The Village of Port Clements council has scheduled a meeting with the Minister of Forests, Lands, Natural Resource Operations and Rural Development to discuss the impasse with timber sales as part of the virtual 2020 UBCM Convention.
Mayor Doug Daugert told the Observer the impasse is affecting two of the community’s main forestry employers — Infinity West Enterprises Inc. and O’Brien & Fuerst Logging — which are critical to the long-term wellbeing of the community.
“There have been none approved within the Timber Supply Area for a couple of years now,” Daugert said of Timber Sale Licences (TSLs). “We’re definitely concerned because a lot of our people are employed in market logging and logging on bid sales.”
A ministry spokesperson confirmed the two most recent TSLs on Haida Gwaii were issued in March 2016. One of the TSLs was recently completed, but the other was never logged.
The Council of the Haida Nation (CHN) rejected the sale and in 2017 Old Massett Chief Councillor Duffy Edgars rallied people for a blockade.
“All of council was against the logging there, because of the surroundings and because it’s supposed to be part of the community forest,” Edgars said of one of the planned cutblocks east of New Town.
In December 2017, the province sent the Misty Isles Economic Development Society (MIEDS) an invitation to apply for a community forest tenure that required 50/50 revenue sharing with BC Timber Sales for most of its annual cut.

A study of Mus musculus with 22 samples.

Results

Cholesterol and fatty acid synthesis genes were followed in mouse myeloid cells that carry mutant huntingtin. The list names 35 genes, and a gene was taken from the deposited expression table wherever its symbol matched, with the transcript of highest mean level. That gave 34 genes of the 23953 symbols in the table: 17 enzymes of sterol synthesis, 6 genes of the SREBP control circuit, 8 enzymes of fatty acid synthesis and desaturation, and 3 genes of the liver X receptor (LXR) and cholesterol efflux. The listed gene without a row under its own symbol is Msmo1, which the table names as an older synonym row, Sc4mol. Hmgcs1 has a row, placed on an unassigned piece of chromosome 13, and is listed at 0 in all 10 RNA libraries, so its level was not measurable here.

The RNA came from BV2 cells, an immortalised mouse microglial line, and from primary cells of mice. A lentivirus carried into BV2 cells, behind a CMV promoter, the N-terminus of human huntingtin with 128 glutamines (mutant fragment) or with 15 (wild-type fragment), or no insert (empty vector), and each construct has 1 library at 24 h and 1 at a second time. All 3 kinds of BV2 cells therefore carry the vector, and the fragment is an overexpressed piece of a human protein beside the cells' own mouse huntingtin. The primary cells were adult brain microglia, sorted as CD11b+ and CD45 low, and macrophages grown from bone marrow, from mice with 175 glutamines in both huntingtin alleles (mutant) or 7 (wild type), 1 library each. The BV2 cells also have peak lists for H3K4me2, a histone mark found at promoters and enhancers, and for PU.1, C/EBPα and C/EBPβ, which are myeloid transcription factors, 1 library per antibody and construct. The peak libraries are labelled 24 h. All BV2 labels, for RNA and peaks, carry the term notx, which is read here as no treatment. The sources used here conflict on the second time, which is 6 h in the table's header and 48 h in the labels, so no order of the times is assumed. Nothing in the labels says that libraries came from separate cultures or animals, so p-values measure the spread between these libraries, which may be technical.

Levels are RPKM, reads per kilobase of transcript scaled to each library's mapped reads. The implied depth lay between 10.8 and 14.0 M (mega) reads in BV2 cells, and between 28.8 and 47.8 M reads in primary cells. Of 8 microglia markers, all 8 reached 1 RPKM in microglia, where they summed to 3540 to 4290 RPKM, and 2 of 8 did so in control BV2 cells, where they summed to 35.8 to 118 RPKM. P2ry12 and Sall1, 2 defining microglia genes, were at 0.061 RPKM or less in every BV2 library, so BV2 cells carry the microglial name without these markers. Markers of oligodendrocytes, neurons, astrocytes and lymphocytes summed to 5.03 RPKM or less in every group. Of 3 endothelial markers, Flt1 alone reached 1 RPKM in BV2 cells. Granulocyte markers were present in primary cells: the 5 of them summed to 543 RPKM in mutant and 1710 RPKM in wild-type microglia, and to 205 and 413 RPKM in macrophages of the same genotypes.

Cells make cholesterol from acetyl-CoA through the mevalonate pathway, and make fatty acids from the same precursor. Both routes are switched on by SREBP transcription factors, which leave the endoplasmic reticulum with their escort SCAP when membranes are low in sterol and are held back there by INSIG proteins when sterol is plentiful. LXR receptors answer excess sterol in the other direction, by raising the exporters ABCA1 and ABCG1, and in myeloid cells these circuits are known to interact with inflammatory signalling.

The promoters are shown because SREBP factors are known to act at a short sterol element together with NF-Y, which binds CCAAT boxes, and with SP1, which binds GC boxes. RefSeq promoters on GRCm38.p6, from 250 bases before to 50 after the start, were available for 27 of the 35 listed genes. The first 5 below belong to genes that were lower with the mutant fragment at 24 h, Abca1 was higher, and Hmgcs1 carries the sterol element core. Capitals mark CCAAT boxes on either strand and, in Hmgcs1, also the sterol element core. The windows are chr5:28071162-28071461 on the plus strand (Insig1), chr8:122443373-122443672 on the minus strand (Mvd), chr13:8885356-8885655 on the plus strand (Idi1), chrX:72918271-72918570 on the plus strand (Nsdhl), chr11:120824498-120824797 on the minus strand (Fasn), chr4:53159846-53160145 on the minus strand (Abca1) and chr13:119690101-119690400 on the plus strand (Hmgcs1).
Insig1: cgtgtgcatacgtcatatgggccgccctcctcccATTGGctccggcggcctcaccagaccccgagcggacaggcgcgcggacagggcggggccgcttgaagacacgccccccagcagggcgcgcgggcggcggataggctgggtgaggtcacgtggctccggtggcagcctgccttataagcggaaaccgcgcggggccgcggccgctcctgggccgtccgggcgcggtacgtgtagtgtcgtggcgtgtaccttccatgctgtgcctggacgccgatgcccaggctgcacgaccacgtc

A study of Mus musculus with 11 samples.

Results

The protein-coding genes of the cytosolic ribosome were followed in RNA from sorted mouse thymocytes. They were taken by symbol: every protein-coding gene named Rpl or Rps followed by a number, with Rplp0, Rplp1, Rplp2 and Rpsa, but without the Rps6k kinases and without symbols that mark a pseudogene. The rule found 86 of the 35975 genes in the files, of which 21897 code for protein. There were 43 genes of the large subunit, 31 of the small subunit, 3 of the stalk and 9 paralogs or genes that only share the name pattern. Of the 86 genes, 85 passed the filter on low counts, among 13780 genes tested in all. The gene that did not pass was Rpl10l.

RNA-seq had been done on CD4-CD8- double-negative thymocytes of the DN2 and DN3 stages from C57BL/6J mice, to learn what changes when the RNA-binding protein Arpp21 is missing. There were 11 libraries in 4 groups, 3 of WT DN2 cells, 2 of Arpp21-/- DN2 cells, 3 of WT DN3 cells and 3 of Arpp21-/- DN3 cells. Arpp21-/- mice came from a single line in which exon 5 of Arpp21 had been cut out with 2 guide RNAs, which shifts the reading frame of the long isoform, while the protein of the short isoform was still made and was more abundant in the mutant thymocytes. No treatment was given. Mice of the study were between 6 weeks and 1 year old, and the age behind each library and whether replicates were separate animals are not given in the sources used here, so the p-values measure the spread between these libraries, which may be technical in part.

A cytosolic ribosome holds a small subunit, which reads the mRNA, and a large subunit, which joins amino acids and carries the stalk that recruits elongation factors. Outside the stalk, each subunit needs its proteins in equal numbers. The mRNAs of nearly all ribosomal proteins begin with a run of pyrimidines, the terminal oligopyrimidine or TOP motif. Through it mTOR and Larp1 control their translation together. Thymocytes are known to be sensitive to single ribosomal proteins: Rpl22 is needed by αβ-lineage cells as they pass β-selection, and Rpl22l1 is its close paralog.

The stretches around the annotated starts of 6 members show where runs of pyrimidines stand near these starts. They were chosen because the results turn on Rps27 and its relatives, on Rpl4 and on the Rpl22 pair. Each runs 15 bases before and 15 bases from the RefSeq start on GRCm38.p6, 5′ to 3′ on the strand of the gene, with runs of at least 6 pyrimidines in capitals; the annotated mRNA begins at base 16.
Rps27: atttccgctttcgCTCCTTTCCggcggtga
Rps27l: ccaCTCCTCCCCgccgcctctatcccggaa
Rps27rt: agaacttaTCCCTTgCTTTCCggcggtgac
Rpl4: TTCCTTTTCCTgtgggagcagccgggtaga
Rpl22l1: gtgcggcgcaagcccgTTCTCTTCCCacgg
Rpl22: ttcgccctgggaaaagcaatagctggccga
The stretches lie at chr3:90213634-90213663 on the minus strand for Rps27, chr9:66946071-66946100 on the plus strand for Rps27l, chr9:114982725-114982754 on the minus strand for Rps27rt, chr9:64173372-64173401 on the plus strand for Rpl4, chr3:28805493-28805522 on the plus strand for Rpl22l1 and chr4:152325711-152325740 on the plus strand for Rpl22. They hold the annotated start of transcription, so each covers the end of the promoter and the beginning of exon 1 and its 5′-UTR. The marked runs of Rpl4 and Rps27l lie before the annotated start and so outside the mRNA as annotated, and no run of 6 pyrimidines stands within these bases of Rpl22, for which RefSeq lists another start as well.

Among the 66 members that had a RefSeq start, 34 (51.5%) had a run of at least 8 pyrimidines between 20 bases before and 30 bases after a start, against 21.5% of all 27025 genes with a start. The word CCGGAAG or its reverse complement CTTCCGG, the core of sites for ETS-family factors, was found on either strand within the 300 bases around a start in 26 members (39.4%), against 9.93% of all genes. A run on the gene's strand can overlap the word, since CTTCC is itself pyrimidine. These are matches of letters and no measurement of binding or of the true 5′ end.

However, MIEDS staff asked for more time to negotiate and get updated forest inventory data.
The timber supply review continued through 2019, and in May the CHN and province announced reaching a new tree cutting agreement — an annual allowable cut (AAC) of 804,000 cubic metres for the Timber Harvesting Land Base on Haida Gwaii.
The new AAC is about 13 per cent less than the previous AAC of 929,000 cubic metres, determined by the Haida Gwaii Management Council in 2012.
Following these milestones, Daugert said more clarity on community forest apportionment is expected in the fall, which he hopes will lead to the province letting out new TSLs in a reliable way.
“From Port Clements’ perspective we’re saying come to an agreement and let’s get a stable release of wood to these timber sales that would allow businesses to plan and go ahead,” he said. “We just are looking for a way to move forward.”
At this time, he added, consistency is more critical than quantity.
“On the timber sales, we feel that there needs to be a commitment to some consistent volume, even if it’s lower than the province would like at this time, to just do some and keep it going, because businesses might find ways to scale down and survive.
“We’re asking the province to try to bring some stability to it … it’s sort of in their ballpark to try to bring stability to the industry and to the small communities here.”